November 4, 1997
(House Rules)

H.R. 967 - Prohibition of U.S. Funds for Certain Chinese Officials' Travel
(Gilman (R) New York and 35 cosponsors)

The Administration strongly opposes H.R. 967, which would prohibit the use of U.S. funds to provide for the participation of certain Chinese officials in international programs and exclude specified Chinese officials from admission to the United States.

The Administration opposes the bill because it would:

  • Contradict U.S. policy to expand dialogue with the Chinese in order to advance critical U.S. security, political, and economic interests.

  • Possibly prompt China to impose its own visa restriction that could further limit the ability of U.S. officials and American religious figures to advocate views in China.

  • Raise serious constitutional concerns to the extent that it would inhibit the President's ability to conduct the foreign relations of the United States and to receive foreign government officials.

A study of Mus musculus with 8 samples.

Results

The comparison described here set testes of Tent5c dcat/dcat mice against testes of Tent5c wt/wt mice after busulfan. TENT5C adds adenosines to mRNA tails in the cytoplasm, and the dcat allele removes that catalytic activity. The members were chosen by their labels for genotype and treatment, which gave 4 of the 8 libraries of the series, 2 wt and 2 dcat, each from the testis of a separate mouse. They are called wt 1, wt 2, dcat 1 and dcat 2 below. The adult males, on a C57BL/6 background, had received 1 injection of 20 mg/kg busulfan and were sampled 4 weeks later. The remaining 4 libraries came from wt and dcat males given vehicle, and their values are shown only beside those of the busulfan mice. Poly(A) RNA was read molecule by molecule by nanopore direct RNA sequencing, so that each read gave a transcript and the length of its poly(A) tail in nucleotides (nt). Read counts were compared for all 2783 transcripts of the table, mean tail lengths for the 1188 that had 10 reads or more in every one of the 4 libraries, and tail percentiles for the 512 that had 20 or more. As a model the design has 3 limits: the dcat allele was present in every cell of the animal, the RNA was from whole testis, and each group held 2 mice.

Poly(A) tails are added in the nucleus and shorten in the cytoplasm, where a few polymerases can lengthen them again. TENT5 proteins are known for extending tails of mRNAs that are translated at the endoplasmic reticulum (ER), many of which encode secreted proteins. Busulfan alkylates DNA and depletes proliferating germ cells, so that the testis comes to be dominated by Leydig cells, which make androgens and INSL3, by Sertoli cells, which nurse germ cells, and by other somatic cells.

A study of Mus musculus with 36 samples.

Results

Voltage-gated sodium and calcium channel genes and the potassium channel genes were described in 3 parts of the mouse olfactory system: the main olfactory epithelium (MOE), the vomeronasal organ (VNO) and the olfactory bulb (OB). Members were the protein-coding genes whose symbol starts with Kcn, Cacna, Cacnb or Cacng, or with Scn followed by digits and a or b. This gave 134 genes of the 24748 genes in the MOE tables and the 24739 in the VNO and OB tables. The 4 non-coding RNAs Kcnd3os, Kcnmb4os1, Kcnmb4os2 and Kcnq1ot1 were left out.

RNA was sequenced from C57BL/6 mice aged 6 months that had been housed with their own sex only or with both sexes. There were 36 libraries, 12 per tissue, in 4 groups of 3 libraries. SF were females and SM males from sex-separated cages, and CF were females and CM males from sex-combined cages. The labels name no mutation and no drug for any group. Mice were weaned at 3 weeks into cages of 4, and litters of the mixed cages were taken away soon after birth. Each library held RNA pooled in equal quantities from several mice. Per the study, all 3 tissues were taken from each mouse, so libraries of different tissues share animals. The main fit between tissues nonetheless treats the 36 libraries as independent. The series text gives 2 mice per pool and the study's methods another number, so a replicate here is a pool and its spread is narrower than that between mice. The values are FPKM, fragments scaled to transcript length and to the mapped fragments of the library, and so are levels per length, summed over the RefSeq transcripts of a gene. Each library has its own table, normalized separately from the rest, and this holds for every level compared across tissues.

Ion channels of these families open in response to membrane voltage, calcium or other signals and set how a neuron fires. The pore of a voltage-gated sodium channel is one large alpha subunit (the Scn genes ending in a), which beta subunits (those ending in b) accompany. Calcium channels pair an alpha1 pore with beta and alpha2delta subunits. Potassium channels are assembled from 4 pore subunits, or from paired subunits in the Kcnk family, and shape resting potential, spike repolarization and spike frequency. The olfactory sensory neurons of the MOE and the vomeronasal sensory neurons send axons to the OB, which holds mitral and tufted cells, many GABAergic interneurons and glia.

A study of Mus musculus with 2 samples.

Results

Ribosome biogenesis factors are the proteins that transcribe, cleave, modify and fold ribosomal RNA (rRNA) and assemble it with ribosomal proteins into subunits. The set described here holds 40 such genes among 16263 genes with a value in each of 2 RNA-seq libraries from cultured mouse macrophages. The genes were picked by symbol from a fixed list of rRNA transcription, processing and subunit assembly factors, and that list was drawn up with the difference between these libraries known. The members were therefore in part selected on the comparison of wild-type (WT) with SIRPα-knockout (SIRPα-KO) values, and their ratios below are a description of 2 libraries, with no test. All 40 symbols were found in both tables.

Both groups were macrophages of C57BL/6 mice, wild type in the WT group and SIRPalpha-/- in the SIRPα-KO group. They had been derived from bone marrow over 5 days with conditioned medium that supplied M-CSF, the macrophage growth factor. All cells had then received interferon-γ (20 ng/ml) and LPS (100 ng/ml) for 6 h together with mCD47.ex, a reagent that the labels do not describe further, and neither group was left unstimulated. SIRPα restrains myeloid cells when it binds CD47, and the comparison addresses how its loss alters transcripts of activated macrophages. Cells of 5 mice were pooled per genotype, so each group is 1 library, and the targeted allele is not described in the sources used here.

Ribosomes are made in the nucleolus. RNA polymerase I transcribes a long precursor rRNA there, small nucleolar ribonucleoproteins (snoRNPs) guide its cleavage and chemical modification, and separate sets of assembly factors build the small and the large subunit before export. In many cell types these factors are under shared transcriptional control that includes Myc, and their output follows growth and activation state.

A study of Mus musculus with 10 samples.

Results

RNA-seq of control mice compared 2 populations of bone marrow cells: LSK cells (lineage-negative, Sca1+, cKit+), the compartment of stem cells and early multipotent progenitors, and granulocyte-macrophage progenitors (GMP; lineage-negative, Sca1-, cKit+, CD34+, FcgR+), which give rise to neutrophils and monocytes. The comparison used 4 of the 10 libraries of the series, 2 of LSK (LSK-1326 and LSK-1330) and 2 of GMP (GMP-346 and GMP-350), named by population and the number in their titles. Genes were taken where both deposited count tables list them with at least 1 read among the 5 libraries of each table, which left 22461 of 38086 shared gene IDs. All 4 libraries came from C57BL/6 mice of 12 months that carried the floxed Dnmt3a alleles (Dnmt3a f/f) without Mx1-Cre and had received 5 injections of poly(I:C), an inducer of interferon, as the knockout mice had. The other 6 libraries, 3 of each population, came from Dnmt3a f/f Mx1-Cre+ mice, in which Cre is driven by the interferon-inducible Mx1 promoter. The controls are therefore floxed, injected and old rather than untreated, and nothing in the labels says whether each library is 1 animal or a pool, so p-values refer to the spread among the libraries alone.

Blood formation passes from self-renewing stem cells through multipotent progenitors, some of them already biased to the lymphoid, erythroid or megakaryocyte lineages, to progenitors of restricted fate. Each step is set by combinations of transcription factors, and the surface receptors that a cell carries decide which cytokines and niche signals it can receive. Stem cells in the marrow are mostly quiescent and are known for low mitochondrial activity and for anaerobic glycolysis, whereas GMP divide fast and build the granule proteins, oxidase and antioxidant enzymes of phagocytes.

• Fail to take account of U.S. international obligations to admit certain foreigners to the United Nations and other international organizations.

  • Require the State Department to divert scarce resources from core tasks to comply with the requirement to maintain lists of officials covered by the bill.
U.S. interests are best served by increasing the transparency of Chinese society and promoting expansion of China's participation in international fora governed by standards and rules agreed to by the international community of nations. U.S. engagement exposes Chinese officials first-hand to the benefits of an open and democratic system. There is no better way to demonstrate the advantages of a free and open society than to let them experience it for themselves.